By Matthew M. Robare
A map of the upcoming Green Line Extension.
After decades of delays and over a billion dollars worth of cost overruns, the Green Line Extension has $2.3 billion of necessary funding intact and can proceed with construction. Originally mandated as mitigation for increased emissions from the Big Dig, the Green Line Extension will provide Somerville and Medford with an important alternative to commuting by car, resulting in cleaner skies and enabling the development of sustainable, mixed-use developments. The Trump administration has shortlisted the Green Line Extension as an infrastructure project to prioritize, further emphasizing the Extension’s transformative potential. The Green Line Extension is currently expected to open in 2021.
A Green Line trolley on the existing D Branch, which connects Newton and Brookline with Boston and Cambridge.
The first expansion of the rapid transit system since the Alewife extension of the Red Line opened in 1985, the Green Line Extension is planned in two branches from Lechmere Station in East Cambridge. One branch will follow the Fitchburg Line commuter rail tracks to Union Square in Somerville, while the other will follow the Lowell Line commuter rail tracks to Medford. In addition to Union Square’s stop at Prospect Street, stations are planned for East Somerville, Gilman Square, Magoun Square, Ball Square and Tufts University. A new Lechmere Station will also be built as part of the project. The Green Line Extension could one day extend further northward to Route 16/Mystic Valley Parkway.
A preliminary rendering of the future Green Line stop at Tufts University, above which Tufts would construct a new building.
The government’s commitment to building the Green Line Extension has already resulted in increased land values along the future route, and a number of new development projects. According to the Metropolitan Area Planning Council, the Green Line Extension is expected to generate nearly 5,500 new residences and six million square feet of commercial space. The first major development to unveil along the Green Line Extension, Windsor at Maxwell’s Green, opened in 2012 and is located next to the future Magoun Square station. Windsor at Maxwell's Green features 184 luxury apartment residences and cost approximately $52 million to develop.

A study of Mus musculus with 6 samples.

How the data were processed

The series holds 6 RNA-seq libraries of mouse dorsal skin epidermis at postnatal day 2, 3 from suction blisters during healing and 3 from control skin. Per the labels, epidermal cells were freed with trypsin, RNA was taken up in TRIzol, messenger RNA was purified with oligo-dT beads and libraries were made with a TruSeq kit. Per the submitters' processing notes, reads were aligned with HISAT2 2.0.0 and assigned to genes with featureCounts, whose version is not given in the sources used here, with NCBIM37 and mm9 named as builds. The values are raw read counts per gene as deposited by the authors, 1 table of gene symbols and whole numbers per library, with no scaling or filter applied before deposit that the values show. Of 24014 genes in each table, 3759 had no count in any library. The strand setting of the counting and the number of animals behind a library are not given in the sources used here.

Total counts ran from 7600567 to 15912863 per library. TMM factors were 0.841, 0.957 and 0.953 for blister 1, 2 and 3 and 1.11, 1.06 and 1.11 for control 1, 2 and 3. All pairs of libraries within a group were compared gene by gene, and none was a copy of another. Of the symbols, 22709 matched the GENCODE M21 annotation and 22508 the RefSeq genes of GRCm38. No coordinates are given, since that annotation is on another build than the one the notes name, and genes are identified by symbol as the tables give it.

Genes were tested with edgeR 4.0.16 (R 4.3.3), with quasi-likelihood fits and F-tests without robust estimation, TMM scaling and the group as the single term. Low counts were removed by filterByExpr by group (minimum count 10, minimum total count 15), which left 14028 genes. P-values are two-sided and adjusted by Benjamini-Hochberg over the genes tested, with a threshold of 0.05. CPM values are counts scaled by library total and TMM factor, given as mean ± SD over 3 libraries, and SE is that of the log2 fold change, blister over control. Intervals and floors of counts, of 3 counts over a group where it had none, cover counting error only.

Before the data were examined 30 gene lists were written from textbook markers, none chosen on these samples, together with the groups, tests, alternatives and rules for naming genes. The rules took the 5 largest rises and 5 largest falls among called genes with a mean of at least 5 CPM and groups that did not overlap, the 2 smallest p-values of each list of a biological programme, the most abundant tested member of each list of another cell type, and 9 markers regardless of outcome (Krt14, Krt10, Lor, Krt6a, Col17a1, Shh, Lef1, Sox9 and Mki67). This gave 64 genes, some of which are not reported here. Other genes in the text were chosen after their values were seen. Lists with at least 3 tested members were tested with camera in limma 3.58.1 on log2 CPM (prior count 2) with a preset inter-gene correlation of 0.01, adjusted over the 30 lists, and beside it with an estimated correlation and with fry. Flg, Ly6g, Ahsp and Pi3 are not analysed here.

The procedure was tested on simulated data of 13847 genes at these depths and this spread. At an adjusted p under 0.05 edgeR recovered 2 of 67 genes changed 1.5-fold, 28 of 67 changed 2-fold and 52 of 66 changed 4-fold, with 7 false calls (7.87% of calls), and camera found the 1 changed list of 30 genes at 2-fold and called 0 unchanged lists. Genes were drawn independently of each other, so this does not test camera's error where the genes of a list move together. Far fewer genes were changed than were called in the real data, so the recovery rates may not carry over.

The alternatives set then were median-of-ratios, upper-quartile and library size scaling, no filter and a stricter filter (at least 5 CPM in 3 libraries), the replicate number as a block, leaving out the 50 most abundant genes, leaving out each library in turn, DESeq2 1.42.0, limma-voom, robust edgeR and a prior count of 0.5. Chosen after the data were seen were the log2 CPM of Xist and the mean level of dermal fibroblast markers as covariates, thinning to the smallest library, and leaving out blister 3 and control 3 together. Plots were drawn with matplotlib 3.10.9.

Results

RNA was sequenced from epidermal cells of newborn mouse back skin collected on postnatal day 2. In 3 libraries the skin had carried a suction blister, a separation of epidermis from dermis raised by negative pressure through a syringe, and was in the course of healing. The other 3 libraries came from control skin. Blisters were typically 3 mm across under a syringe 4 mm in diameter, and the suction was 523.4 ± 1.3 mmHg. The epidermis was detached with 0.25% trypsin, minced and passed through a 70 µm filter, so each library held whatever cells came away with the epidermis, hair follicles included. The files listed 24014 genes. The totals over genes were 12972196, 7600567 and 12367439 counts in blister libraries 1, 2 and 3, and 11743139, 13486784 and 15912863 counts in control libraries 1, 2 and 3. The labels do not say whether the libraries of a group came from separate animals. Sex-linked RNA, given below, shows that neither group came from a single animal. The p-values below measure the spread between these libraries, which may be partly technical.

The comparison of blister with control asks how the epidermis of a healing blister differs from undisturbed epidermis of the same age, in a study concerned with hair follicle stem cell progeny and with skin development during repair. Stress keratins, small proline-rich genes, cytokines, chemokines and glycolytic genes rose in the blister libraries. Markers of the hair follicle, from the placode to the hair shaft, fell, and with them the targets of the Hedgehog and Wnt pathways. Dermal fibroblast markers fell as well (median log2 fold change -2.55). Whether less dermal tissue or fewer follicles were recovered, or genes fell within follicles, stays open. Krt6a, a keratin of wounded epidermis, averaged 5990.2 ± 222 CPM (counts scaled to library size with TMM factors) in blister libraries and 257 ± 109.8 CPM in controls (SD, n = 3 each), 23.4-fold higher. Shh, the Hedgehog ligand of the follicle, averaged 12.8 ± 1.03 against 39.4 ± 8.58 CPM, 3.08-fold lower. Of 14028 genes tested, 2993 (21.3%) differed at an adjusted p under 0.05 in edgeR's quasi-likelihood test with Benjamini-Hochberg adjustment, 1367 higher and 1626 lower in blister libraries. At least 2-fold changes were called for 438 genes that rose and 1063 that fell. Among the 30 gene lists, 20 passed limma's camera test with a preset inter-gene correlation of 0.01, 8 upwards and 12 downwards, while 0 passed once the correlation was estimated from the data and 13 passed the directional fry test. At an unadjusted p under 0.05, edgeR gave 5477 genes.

Exterior view of Windsor at Maxwell’s Green.
A rendering of the Magoun Square station, with Windsor at Maxwell’s Green at left.
Perhaps the most anticipated Green Line Extension stop is Union Square. Already the home of beloved restaurants such as Union Square Donuts and The Independent, and located a short distance to Cambridge’s eclectic Inman Square, the area has developed into something of a startup hub. Clean technology incubator Greentown Labs is already located in the neighborhood and is planning on expanding. According to Greentown CEO Emily Reichert, the Green Line Extension is crucial towards the Union Square startup ecosystem’s continued success; “to unlock the next great Massachusetts innovation corridor, we need the Green Line extension work to continue,” Reichert wrote in CommonWealth Magazine.
Another sign of Union Square’s startup scene is Bow Market, a former warehouse being redeveloped for pop-up retail and restaurant uses. Bow Market, approved by the City of Somerville last winter and anticipated to open this Fall, will feature over 30 small storefronts available for short-term leases, catering to new small businesses.
An aerial rendering of Bow Market.
A wave of multi-family residential and retail development is also transforming Union Square. 70 Prospect Street, a 14-unit apartment building with ground-floor retail, is nearing completion steps from the future Union Square stop, and Columbia Court, a 35-unit residential building with ground-floor retail, is proposed nearby. The 35-unit Union Square Apartments and 30-unit 197 Union Square, both of which also include ground-floor retail, were recently completed.
A rendering of 70 Prospect Street, a 14-unit building with ground-floor retail under construction in Union Square.
The Ball Square station, located a short walk away from Somerville’s popular Davis Square, has also seen a recent development boost. The Sphere, a 42-unit apartment building, will open this summer in the heart of Ball Square. Powder House, an innovative adaptive reuse of a former school into a sustainable mixed-use development featuring 48 apartments, 11,300 square feet of commercial space and over 69,000 square feet of open green space, was recently approved by the City of Somerville.
A rendering of The Sphere Luxury Apartments in Medford, which will open this Summer in Ball Square.
A rendering of the recently approved Powder House development.